Supporting the Foundations: Fatty Acids
Updated: Jun 30, 2020
Fatty acids are one of the most culturally confusing macronutrients and foundations, and thus, could use some tender attention. Consider what you have learned about fat through the years. Have you noticed that the verdict of its health impact constantly changes? This is because beginning in the 1940’s, fat suddenly became the bad guy. Trends pushed “low fat diets,” “vegetable fat vs.animal fat”, and “mono and polyunsaturated fats vs.saturated fat”. Much of the confusion can be traced back to certain oil industries that funded medical research results. This led to an iceberg of political corruptness which impacted our food industry. Within this article, I will dispel this confusion by equipping you with the “common sense” of fatty acids.
First of all, the role of fats far surpasses greasing a pan, as they:
• Provide a source of energy
• Act as building blocks for cell membranes and hormones
• Aid the absorption of the fat‐soluble vitamins A, D, E, and K
• Allow for the proper use of proteins
• Serve as a protective lining for the organs of the body
• Help regulate energy absorption by slowing the absorption of food
• Increase satiety
• Make food taste good
Not all modern fats are created equal. In order to perform all these roles, we must consider the VARIETY and QUALITY of fats.
Fats are composed of a variety of nutrients depending on their structure. Fatty acids are organic molecules made up of chains of carbon atoms. The length of the chain determines the degree of saturation. All fats and oils are a combination of saturated, monounsaturated, and polyunsaturated fatty acids, rather than purely one of the three. Instead of asking which is better, it is important to ask, how is it processed?
The process of oil production is what has changed over the last one hundred years; which, along with low fat diets, has led to an epidemic of fatty acid deficiency. Many oils are made from genetically-modified vegetables that require a chemical process (chemical solvents, dewaxing, bleaching, deodorizing, etc.) to extract the oil. Some are then pumped with hydrogen molecules (hydrogenated) to make them solid at room temperature and “acceptable” for cooking. For the producer, the result is a cheap fat with a seemingly long shelf life. For the consumer, it is a fat that wreaks havoc in the body. This altered fat not only leads to fatty acid deficiency, but also other complications as cells are damaged by this toxin.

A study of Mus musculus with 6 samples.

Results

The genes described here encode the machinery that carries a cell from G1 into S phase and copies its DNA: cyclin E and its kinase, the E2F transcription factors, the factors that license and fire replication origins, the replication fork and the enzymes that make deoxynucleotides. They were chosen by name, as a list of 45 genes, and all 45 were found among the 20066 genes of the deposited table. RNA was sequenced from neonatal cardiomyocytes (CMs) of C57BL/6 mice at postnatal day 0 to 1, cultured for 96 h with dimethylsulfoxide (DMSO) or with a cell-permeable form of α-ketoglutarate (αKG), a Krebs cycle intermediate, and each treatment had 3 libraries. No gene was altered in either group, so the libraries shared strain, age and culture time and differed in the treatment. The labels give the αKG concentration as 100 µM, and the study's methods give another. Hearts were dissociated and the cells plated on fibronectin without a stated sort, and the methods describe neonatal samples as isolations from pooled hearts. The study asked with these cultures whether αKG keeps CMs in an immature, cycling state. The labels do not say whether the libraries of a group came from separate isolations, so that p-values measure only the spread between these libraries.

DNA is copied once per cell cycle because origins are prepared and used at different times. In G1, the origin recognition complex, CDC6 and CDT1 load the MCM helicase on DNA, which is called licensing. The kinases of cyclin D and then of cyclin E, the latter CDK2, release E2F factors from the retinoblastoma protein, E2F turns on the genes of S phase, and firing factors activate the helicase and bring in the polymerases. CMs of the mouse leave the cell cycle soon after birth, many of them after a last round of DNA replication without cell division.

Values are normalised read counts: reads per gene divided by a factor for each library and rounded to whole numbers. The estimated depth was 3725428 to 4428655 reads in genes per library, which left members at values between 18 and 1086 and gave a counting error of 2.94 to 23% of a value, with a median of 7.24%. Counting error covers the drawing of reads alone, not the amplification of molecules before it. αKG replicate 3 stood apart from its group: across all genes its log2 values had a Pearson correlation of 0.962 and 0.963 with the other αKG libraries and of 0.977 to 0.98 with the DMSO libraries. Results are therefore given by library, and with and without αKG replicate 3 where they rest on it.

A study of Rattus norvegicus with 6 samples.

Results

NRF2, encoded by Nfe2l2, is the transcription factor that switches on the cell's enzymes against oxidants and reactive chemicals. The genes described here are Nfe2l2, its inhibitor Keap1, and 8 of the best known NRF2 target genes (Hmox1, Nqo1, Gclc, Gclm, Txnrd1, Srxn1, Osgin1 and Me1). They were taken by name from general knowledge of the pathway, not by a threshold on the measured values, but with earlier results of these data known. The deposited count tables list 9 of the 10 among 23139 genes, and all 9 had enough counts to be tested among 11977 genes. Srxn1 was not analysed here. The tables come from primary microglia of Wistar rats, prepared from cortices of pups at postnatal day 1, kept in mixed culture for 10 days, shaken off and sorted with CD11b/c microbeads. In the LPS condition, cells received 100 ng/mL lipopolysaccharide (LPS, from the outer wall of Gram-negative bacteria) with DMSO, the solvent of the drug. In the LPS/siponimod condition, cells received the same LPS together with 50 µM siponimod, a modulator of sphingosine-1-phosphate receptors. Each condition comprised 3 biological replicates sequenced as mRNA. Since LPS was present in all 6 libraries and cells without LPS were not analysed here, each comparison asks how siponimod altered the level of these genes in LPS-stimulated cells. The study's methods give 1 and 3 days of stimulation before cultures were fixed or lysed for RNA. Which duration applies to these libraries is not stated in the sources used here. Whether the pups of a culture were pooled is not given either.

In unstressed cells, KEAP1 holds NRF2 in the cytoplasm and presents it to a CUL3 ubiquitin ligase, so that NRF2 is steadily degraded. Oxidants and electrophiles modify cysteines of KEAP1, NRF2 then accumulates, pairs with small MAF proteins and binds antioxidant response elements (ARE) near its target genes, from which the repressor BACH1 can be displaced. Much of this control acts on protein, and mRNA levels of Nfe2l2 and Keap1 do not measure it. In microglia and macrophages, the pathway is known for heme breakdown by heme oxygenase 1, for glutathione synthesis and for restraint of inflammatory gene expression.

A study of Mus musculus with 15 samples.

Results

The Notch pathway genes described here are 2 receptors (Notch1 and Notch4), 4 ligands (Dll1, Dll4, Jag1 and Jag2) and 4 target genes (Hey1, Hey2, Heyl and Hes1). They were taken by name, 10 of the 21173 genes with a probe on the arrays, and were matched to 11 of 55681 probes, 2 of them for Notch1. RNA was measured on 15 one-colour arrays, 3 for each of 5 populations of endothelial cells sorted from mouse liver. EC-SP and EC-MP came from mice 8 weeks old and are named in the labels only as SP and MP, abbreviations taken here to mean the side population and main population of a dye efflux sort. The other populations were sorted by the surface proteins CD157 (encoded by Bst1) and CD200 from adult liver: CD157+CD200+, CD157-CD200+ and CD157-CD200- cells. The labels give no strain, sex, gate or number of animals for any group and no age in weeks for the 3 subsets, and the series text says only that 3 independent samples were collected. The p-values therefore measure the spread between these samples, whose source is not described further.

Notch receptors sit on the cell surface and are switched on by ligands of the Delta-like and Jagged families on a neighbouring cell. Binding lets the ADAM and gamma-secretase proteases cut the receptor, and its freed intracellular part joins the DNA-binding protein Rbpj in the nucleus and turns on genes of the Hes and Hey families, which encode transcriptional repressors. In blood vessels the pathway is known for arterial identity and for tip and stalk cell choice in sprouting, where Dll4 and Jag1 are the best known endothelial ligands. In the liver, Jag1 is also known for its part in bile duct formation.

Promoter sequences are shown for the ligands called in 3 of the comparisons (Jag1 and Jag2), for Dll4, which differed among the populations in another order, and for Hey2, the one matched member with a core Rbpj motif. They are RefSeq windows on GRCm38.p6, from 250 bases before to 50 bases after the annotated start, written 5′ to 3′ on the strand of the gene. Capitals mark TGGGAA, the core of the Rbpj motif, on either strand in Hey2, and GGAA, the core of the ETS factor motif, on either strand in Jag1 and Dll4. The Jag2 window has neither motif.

So, from what food can you get your quality fatty acids? Here’s your “go to” list: coconut, coconut oil*, butter* (raw/grass-fed), ghee* (clarified butter), animal fats* (tallow, lard, duck fat,) olives, olive oil**, avocado, avocado oil** , fish oils**, nuts and seeds.
While some of these may be foreign to your kitchen, I hope you will have fun welcoming some new nutrient-dense, pure fats!
*Best oils for cooking due to a higher smoke point (the temperature at which an oil begins to break down and release free radicals.)
**These oils have varying sensitivity to light and heat. It is best to buy them in a dark container and keep refrigerated.